Life is strange and unusual sometimes. Or perhaps-right on time.
Again this year, I was sitting in my work vehicle in the Sonic Drive-In in Tompkinsville, Ky., on Veterans Day listening to the radio and eating my lunch. And again, I flipped channels several times and I came upon this radio show where the segment was about war and war veterans which is not "unusual" for Veterans Day, I suppose. But the radio show was something that I could really relate to. The interviewer was asking the producer of a new HBO documentary, "Wartorn: 1861-2010,"http://www.youtube.com/watch?v=MvIrpyzpcR4&feature=player_embedded#! questions about Post Traumatic Stress Disorder (PTSD) and other questions about his recently released documentary. The producer's name is James Gandolfini, who is better known as "Tony" from the HBO's hit series, "The Sopranos." I watched the documentary on cable television's "Demand" this past Saturday afternoon.
Through out the whole documentary, I couldn't stop thinking about my late father, Ret. Army Major Vester Brooks Smith (World War II and Korean War veteran) of Memphis, Tenn., and North Mississippi, who also suffered from "PTSD," but wouldn't have ever admitted it. The film shows cases where soldiers who had returned from war committed suicide, became alcoholics and began to suffered from mental illness-anxiety, panic attacks and paranoia. The film also shows that a lot of recent returning war veterans have even ended caught up in America's legal and prisons systems because of their disorder.
Although, I am not a war veteran myself nor have I ever served in the military, I feel that, I, along with my late mother and siblings who are still living were also affected by father's "PTSD." My mother always said, when my father came home to Memphis from the Korean War after being in combat for a year, that he was not the same person when he left. I once called into the "Gordon Liddy" radio talk show after the Iraq War had begun back in 2003 and I warned his listeners and the American people of the effects of "PTSD" and how it not only affects the war veterans themselves but their families also. Mr. Liddy said that he did not agree with me or nor believe in "PTSD." Although, I disagreed with Mr. Liddy, it is now proven that this disorder is very real and not only does it affect the individual themselves and their families but society as a whole also.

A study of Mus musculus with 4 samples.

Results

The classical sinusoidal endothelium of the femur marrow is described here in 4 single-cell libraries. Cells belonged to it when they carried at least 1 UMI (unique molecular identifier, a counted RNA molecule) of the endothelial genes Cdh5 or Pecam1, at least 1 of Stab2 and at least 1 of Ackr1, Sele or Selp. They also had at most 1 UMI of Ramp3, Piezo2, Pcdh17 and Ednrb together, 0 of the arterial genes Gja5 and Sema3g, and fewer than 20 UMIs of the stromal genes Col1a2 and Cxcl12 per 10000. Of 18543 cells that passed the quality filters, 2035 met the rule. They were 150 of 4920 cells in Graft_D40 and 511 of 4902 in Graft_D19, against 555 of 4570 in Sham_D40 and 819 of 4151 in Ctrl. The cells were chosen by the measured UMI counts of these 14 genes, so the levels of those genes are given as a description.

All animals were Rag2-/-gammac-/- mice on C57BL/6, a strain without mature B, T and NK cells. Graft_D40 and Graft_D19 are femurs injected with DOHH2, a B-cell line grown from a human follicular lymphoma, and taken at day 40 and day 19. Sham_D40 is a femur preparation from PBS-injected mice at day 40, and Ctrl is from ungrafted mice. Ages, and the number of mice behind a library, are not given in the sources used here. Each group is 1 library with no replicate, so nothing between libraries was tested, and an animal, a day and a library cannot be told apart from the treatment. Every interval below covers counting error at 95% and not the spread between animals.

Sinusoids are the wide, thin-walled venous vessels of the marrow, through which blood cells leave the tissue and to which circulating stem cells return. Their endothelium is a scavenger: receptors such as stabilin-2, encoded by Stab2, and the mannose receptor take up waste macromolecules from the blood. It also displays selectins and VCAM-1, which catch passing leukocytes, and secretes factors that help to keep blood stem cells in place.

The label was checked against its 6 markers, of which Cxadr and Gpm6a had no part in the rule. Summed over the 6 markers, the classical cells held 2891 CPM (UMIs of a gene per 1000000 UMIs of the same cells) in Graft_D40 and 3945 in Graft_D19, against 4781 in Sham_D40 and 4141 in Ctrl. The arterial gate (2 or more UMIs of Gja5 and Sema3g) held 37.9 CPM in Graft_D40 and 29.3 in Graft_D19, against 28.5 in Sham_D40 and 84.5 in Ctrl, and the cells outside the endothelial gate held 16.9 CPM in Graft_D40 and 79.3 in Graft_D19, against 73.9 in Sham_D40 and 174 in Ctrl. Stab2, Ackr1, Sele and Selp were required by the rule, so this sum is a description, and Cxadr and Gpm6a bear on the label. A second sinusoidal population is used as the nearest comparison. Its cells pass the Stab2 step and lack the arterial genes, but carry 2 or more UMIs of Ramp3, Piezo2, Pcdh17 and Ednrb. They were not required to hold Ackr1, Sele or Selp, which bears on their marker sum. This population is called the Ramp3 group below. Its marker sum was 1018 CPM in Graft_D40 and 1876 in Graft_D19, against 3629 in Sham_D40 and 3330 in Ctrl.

My father didn't talk about the wars that he fought in very often not unless he was drinking. Then, he'd open up. And it wasn't always pretty either. However, "Wartorn," is a fascinating documentary that gives a dark account of the damage that "PTSD" causes in American veterans returning from war. This documentary does a excellent job of educating viewers as that "PTSD" is real and that our solders are authentically affected by it whether people want to believe or not. In the past until recently, there has been a prevailing notion that "PTSD" in previous wars prior to Vietnam that it didn't exist-"Shell Shock" as it was known in War War I and "Battle Fatigue," as it was known in World War II and the Korean War. General George Patton during World War II was said to have slapped a young solider who suffering from battle fatigue and sent him back to the front line. These suffering soldiers were said to have a "lack of gut fortitude," and this was placed on their military records as a stigma.
From the beginning of the documentary where it starts with the Civil War in 1861 all the way to the Iraq War of recent times, I think "Wartorn" is a well produced film and it will have a positive impact on our government, military personnel and military officers and prompt them to continue to pay closer attention to the signs "PTSD." And hopefully, military medical communities such as the VA (Veterans Administration) will continue to look for new treatments for the disorder. I think we owe this to our returning solders, their families and to the American society.